PR may seem like a very modern profession, but people having actually been strategically placing stories in the media for years. As far back as the late 1800s, famous historical figures and occurrences were promoted through smaller scale weekly newspapers. Let’s take a quick trip back in time and follow the evolution of Public Relations:
The Early Years
One of the earliest cases of disaster management through PR was in the 1890s when 80 baseball players left the National League. As you can imagine, fans and owners were in an uproar. With the help of a little media outreach, the National League was able to help straighten out management-labor disputes and secure the relationships amongst the players, fans and owners.
While this may not be the most modern form of PR (and was certainly not called “Public Relations” at the time), it’s important to be able to relate what happened here to the basics of our job: using interpersonal communication, literature, public events and art to persuade other individuals to believe in our client’s services and/or programs.
The First Publicist
Historical figures such as Henry Ford and Theodore Roosevelt have been attributed with being the first to utilize the basic PR concepts: “positioning” and “ready accessibility.” In other words, these men were able to position themselves as thought leaders who were easily accessible to the press. But it wasn’t until 1906 that a man came along and changed PR forever: enter Mr. Ivy Lee.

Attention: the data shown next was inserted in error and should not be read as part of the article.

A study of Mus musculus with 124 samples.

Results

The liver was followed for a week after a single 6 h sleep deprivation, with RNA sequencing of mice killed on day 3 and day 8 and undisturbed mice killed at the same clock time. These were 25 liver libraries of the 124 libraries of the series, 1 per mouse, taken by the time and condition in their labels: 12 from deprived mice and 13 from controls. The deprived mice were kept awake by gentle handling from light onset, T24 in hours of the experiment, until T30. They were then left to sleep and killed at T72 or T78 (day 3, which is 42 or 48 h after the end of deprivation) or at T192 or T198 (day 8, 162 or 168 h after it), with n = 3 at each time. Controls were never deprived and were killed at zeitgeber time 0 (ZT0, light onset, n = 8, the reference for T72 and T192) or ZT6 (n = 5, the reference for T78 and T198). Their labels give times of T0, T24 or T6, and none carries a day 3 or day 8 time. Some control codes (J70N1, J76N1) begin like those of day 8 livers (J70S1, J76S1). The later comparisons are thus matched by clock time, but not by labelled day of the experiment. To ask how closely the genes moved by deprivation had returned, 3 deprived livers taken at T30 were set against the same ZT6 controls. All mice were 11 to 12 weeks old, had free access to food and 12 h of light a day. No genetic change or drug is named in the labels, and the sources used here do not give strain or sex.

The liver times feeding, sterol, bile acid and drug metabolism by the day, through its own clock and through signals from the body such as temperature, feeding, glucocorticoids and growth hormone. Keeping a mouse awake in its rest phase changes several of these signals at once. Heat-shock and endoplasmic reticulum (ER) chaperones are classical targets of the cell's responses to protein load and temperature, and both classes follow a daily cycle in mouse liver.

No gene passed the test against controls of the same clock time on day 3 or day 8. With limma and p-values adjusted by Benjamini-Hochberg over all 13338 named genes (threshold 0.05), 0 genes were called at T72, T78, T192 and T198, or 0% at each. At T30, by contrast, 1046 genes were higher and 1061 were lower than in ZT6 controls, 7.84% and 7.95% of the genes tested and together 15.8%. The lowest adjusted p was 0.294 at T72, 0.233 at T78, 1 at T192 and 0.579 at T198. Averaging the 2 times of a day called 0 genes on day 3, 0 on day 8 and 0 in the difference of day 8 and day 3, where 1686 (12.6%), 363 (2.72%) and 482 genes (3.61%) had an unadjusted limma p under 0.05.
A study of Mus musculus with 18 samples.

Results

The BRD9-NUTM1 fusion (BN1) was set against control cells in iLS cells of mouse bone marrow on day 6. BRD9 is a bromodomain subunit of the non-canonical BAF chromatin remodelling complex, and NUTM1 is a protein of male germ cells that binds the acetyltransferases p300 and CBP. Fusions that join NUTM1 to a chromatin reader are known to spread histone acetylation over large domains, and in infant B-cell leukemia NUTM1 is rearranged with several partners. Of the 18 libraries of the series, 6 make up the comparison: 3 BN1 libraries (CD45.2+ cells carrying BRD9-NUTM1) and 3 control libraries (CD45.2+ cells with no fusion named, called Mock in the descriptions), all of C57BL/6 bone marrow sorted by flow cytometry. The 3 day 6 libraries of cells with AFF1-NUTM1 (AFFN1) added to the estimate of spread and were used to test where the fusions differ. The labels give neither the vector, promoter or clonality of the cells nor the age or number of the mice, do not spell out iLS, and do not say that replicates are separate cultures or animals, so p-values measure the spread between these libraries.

Ivy Lee was the first public relations counselor and was hired by famous industrialist John D. Rockefeller. Our friend Rockefeller was facing some serious issues in Colorado, known as the “Ludlow Massacre,” a strike against his fuel and iron plant. In the wake of his panic, Rockefeller turned to our good friend Lee to get the problem fixed, using some traditional media outreach.
So what did our old PR pro Lee do? He decided to change Rockefeller’s tycoon image into one of a man who was concerned for the livelihood of his workers. With this new image in hand, he was able to talk to the press, workers and stage events. Way to go Lee!
What is PR now?
Through the years, PR eventually evolved from newspaper boys yelling, “Extra! Extra! Read all about it!” to now, where PR specialists focus a large majority of their time on content creation. With the development of the internet, PR changed drastically. According to Jack Leslie, Chairman at Weber Shandwick, PR has moved from a broadcast model to an engagement model, meaning PR professionals are in a constant two-way conversation with the media.
Now PR specialist are focusing less and less on traditional efforts and are trying to make outreach and engagement with the media more organic. By doing so, the messages that we are offering to editors seem more natural and specific to their interests, rather than a mass email that reads very generic and regulated.
PR is a growing profession, with different forms and techniques to suit the needs of a particular company. Some companies and brands prefer to keep PR in-house, while others turn to the expertise of third-party vendors. The truth is that there is no right or wrong answer, it’s all about your preference and budget.
The real choice that defines your PR goals is not whether you hire someone within your company or the well-known agency down the street. It all comes down to whether your company is a better fit for consumer PR, B2B PR, or both. By going the route of consumer, you are focusing your outreach on the customer so that they can learn about your brand and how it may by applicable to their lives. With B2B you are going the more traditional route, positioning your client as a thought leader within their field. While both forms lead to different expectations the end goal is the same, to use the best of your capabilities to gain your client positive recognition in their target media.
Want to implement modern PR strategies for your company or brand? Contact Ryan Grieves to find out how BLASTmedia can help!